Lands Titles Office

July 26, 2018

The Hon. J.A. DARLEY (14:49): I seek leave to make a brief explanation before asking the Treasurer a question about the sale of the Lands Titles Office and valuation services.

 

Leave granted.

 

The Hon. J.A. DARLEY: On 16 May this year, the Treasurer released a statement outlining that a secret deal took place between the former Labor government concerning the privatisation of the Lands Titles Office. As part of this deal, $1.605 billion was paid to the state, but what was not disclosed at the time was the fact that $80 million was paid by the Land Services SA consortium to be granted an exclusive right to negotiate for the further privatisation of the Motor Vehicle Registry. As a result, the government will be required to undertake a scoping study.

 

If the state and Land Services SA do not enter a privatisation agreement by 12 October 2020 or if the states appoint another third party to manage the Motor Vehicle Registry, the state must repay the $80 million, including interest, or grant Land Services SA a seven-year extension to the existing 40-year term. The Treasurer indicated in his statement that the government would seek further advice regarding the state's options associated with this contract.

 

My question is: can the Treasurer provide an update about the options explored in relation to this contract?

 

The Hon. R.I. LUCAS (Treasurer) (14:51): I thank the honourable member for his very important question. Yes, I can provide a little update to the honourable member and to members in the Legislative Council. The government has sought advice in relation to its legal options. It would appear that the former government locked all the doors and closed all the windows in relation to future options both for it, if it was re-elected, or indeed if a future Liberal government was elected. So there is no legal way out of having to go down the path that I outlined to the house in May, and the member in his explanation has repeated the details of our understanding at that time, which remains our understanding at this stage.

 

My recollection is that we have until October 2020 to have essentially, if we were to choose to privatise the motor registry division, concluded the deal with the new consortium. That is the end date written into the contractual agreement. We, at the start, have to undertake the scoping study which, as the member indicated, is a requirement under the contract that the former government entered into. I have had discussions with Treasury in relation to the timing of that scoping study. It is fair to say it will need to be sooner rather than later in terms of the announcement or the commencement of the scoping study.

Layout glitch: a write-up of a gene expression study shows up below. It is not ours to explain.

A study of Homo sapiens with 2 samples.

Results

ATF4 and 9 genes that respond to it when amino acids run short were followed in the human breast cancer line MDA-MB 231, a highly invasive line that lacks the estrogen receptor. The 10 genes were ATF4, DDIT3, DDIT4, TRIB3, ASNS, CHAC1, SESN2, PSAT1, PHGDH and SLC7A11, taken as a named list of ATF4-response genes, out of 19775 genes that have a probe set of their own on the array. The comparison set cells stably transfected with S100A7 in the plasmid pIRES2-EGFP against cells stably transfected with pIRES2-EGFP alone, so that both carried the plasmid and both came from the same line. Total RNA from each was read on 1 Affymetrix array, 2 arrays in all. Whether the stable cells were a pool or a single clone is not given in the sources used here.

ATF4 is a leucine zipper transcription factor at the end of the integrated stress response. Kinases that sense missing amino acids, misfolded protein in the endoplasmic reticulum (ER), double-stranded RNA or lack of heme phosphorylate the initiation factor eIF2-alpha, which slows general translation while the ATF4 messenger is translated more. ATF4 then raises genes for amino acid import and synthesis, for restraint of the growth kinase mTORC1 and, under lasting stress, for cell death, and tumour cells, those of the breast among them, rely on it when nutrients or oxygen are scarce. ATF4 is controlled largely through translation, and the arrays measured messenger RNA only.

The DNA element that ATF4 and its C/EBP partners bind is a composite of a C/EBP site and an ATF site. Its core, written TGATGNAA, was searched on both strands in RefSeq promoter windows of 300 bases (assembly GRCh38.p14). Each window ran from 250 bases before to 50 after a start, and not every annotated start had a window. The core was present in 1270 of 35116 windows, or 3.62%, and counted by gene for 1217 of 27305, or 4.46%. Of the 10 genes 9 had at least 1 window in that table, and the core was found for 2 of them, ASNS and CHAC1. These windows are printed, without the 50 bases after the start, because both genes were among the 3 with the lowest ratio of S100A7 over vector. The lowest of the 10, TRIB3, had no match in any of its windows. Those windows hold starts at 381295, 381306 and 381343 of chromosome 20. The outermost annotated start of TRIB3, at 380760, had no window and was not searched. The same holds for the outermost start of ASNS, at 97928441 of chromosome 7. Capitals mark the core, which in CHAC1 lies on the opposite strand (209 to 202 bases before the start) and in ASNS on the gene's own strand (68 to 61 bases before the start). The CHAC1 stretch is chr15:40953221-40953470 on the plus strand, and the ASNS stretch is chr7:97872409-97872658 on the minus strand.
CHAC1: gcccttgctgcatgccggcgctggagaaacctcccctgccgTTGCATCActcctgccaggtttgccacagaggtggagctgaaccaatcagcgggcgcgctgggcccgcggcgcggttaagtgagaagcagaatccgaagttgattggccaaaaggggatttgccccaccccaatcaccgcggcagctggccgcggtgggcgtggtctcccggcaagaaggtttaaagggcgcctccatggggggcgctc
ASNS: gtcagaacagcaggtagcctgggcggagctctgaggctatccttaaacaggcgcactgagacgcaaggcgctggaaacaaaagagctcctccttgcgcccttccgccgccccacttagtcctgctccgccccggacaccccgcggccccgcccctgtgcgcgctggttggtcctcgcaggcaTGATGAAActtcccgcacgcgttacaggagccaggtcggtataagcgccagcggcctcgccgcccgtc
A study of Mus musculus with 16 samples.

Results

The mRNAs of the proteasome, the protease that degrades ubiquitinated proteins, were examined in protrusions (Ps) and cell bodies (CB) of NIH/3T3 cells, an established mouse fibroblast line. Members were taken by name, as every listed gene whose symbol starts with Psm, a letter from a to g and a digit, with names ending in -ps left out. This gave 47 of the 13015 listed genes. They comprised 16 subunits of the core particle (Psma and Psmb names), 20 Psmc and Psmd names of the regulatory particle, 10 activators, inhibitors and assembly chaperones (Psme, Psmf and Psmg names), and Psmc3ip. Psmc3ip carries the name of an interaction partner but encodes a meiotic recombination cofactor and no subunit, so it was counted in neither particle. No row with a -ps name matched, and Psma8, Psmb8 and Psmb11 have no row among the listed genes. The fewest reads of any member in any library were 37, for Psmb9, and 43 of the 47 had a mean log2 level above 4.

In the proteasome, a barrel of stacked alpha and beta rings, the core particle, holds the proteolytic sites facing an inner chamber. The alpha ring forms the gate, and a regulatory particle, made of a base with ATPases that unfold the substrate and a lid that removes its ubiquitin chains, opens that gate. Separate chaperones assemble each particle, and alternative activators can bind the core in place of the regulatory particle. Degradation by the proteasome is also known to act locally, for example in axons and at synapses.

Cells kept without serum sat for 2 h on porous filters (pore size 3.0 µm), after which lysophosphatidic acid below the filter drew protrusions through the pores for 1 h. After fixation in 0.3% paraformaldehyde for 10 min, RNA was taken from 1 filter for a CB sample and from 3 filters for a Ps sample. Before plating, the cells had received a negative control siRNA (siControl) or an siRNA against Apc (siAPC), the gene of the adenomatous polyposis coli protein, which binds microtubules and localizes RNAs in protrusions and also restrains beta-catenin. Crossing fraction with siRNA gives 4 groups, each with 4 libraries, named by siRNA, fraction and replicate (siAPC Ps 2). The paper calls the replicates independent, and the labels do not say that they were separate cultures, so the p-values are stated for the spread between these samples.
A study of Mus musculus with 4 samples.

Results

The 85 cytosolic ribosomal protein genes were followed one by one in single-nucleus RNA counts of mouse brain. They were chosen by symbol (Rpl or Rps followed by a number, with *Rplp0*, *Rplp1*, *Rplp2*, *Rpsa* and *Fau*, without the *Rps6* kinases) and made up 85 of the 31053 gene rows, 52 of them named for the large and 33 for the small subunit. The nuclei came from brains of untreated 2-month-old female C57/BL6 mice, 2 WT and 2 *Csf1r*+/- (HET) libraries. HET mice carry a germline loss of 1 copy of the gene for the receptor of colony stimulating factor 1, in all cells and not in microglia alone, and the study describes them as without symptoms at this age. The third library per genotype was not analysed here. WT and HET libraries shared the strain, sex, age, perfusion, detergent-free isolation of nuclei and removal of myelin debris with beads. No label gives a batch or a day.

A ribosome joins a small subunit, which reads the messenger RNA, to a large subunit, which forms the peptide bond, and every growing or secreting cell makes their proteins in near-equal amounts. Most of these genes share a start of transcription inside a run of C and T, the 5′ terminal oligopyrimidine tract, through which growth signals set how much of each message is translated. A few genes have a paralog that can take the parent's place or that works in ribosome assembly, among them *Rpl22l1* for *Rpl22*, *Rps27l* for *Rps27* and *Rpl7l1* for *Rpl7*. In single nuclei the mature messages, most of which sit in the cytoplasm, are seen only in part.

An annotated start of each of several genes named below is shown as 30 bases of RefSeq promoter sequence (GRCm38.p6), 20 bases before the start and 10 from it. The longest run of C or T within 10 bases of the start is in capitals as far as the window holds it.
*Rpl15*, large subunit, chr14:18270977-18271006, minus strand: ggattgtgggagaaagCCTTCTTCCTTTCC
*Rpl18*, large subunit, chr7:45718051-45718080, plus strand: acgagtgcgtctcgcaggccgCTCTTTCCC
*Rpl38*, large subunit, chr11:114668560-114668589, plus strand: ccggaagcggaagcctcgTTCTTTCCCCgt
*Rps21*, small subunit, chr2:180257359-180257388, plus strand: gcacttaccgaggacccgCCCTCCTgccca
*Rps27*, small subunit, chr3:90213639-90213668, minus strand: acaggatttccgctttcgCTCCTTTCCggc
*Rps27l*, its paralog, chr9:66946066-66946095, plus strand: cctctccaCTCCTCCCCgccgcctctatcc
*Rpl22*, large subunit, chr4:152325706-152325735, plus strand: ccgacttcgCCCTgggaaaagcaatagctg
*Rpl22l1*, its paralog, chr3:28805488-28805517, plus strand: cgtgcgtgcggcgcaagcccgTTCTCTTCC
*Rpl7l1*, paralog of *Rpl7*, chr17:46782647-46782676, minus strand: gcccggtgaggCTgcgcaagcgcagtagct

My advice is that it would generally take about three to four months for an appropriate scoping study to be conducted. They are not inexpensive options. We need to obviously appoint somebody with expertise in this particular area, but my advice is that, as long as we have concluded the scoping study by towards the end of this year, we will be complying with the contractual arrangements and requirements we might have, depending on what particular path we choose.

 

There are other aspects, of course, that the government will need to consider. There is the not inconsiderable cost if we choose not to privatise the motor registry division, as the former Labor government would want us to do. We would have to work out the cost of doing so, and that is an $80 million cost potentially, at a 10 per cent per annum interest rate repayment—not a bad little earner that the Labor government wrote into the contract—or an extension of the 40-year deal to the LSSA, the private sector consortium, and that would be obviously at no cost.

 

My initial advice is that it is very hard to estimate what the value of that is, and of course no-one will really know that until 30 or 40 years down the track. The whole world might have changed in relation to the value of these sorts of deals; whatever estimate someone might make today could be massively different to what the value of this information might be in 30 or 40 years' time. I invite the honourable member to go back 30 or 40 years and the experiences of the valuation division and the public sector and compare that with where we are now, and I invite him to look ahead 30 to 40 years as to what the state of play might be, how anyone could accurately predict what the value of a seven-year extension might be at that time.

 

All that work has to be done but, at this stage, we are locked into it. My advice is that there is no sensible way around it. In the not too distant future we will appoint someone to undertake the scoping study.

 

One remaining thing I will say is that the former government gave this private-sector consortium the option of privatising not only the motor registry division: I remind members that in my ministerial statement I did point out, 'or any other registry that the state owns', and invited members to reflect on those other registries. There are other registries such as Births, Deaths and Marriages, the Consumer and Business Services licensing registries; there is a range of other registries that the state has in its possession. Clearly the Labor government had intentions to potentially privatise all those other registries as well.

 

This consortium does have options in relation to those areas, should the government choose to go down that path. I make the point that it is ultimately a decision for this government in relation to whether or not we proceed down a particular path. In relation to the motor registry division there are significant potential financial penalties; in relation to the other registries there are no evident financial penalties if we choose not to go down that path.